Associate Professor  Department of Agricultural and Consumer Economics  University of Illinois

Associate Professor

Department of Agricultural and Consumer Economics

University of Illinois

Kathy Baylis

Kathy is an Associate Professor in the Department of Agricultural and Consumer Economics at the University of Illinois. She works on international agriculture, forestry, trade and environment, with a particular interest in understanding policy impacts on food security and conservation. She joined the department after several years as an assistant professor at the University of British Columbia and earning her PhD from the University of California at Berkeley in 2003.

 Professor  Department of Geography  Bren School of Environmental Science and Management  University of California, Santa Barbara

Professor

Department of Geography

Bren School of Environmental Science and Management

University of California, Santa Barbara

Kelly Caylor

Professor Caylor is Director of the Earth Research Institute and a Full Professor with appointments in the Bren School of Environmental Science & Management and the Department of Geography at UCSB. He received his PhD in Environmental Sciences from the University of Virginia, in 2003. His research seeks to develop improved insight into the way that land use and climate change are interacting to affect the dynamics and resilience of global drylands. His primary research sites are in sub-Saharan Africa, where he is focused on understanding the vulnerability of pastoral and subsistence agricultural communities to current and future changes in hydrological dynamics.

 Assistant Professor  Department of Geography  Clark University

Assistant Professor

Department of Geography

Clark University

Lyndon Estes

Lyndon Estes is an environmental scientist who investigates the drivers and impacts of agricultural change, with a particular focus on Sub-Saharan Africa. He conducts his research using new Earth Observation technologies and a range of modeling techniques, and works within inter-disciplinary projects that involve economists, agronomists, human geographers, decision scientists, hydrologists, climatologists, and computer scientists. Lyndon holds a BA in English from Georgetown University, an MPhil in Conservation Biology from the University of Cape Town, and a PhD in Environmental Science from the University of Virginia. Since receiving his PhD degree in 2008, Lyndon has worked as a research scientist in Princeton University's Woodrow Wilson School and Department of Civil and Environmental Engineering. Prior to his academic career, Lyndon spent nearly 9 years working in protected area management and environmental consulting in Southern Africa.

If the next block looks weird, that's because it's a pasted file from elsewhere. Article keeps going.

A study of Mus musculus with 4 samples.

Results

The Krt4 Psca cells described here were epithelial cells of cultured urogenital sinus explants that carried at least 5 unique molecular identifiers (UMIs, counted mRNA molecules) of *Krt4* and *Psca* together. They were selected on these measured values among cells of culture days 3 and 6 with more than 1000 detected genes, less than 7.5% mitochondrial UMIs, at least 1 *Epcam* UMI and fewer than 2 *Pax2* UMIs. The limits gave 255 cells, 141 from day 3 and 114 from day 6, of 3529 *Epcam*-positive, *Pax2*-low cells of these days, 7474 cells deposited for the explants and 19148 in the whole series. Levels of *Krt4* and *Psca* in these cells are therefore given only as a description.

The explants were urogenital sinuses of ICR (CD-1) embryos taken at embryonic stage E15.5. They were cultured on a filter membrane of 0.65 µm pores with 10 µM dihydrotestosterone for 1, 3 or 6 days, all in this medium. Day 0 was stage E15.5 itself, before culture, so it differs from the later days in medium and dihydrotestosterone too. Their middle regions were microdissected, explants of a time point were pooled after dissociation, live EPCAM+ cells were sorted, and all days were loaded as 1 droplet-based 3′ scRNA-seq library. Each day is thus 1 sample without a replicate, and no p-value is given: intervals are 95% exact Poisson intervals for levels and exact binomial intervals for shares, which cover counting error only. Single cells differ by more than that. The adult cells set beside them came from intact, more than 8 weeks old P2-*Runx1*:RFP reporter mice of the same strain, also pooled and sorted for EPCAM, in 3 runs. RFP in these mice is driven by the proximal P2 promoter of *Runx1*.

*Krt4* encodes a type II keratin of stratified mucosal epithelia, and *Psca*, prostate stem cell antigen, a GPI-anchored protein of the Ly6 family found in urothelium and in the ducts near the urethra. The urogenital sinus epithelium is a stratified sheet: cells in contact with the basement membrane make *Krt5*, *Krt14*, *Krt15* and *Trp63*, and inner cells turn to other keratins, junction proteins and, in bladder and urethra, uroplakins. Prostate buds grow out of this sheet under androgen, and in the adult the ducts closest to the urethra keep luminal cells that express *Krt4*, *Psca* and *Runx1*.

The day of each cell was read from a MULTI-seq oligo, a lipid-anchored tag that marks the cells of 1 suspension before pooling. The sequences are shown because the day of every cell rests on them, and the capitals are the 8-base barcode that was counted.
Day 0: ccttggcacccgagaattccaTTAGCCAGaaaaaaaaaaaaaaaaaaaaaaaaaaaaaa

Professor  Department of Geography  University of Arizona

Professor

Department of Geography

University of Arizona

Tom Evans

Tom Evans is Professor in the School of Geography and Development at the University of Arizona, and affiliated faculty with the Arid Lands Resources, and Remote Sensing and Spatial Analysis programs. His work focuses on environmental social science with particular application to household-level livelihoods in both rural and urban environments. He received his PhD in 1998 from the Department of Geography at the University of North Carolina. He has conducted research in Zambia, Kenya, Thailand, Laos, Guatemala, Bolivia, Peru, Brazil and the United States. Past projects have focused on spatial modeling applications of deforestation/reforestation while newer research is investigating the role of household decision-making and environmental governance for adaptation to climate change in Sub-Saharan Africa.

 Assistant Professor  Civil and Environmental Engineering  University of Illinois

Assistant Professor

Civil and Environmental Engineering

University of Illinois

Megan Konar

Megan Konar is an assistant professor in the Department of Civil and Environmental Engineering at the University of Illinois at Urbana-Champaign. I conduct policy-relevant research that focuses on the intersection of water, food, and trade. Her research is interdisciplinary, drawing from hydrology, environmental science, and economics. She applies a range of quantitative tools, such as modeling, network analysis, and econometrics. Her research is motivated by questions such as: How do commodity exchanges link water and food systems? How will climate and socio-economic shocks impact food trade and its associated embodied water resources? What policy options will best improve water and food security?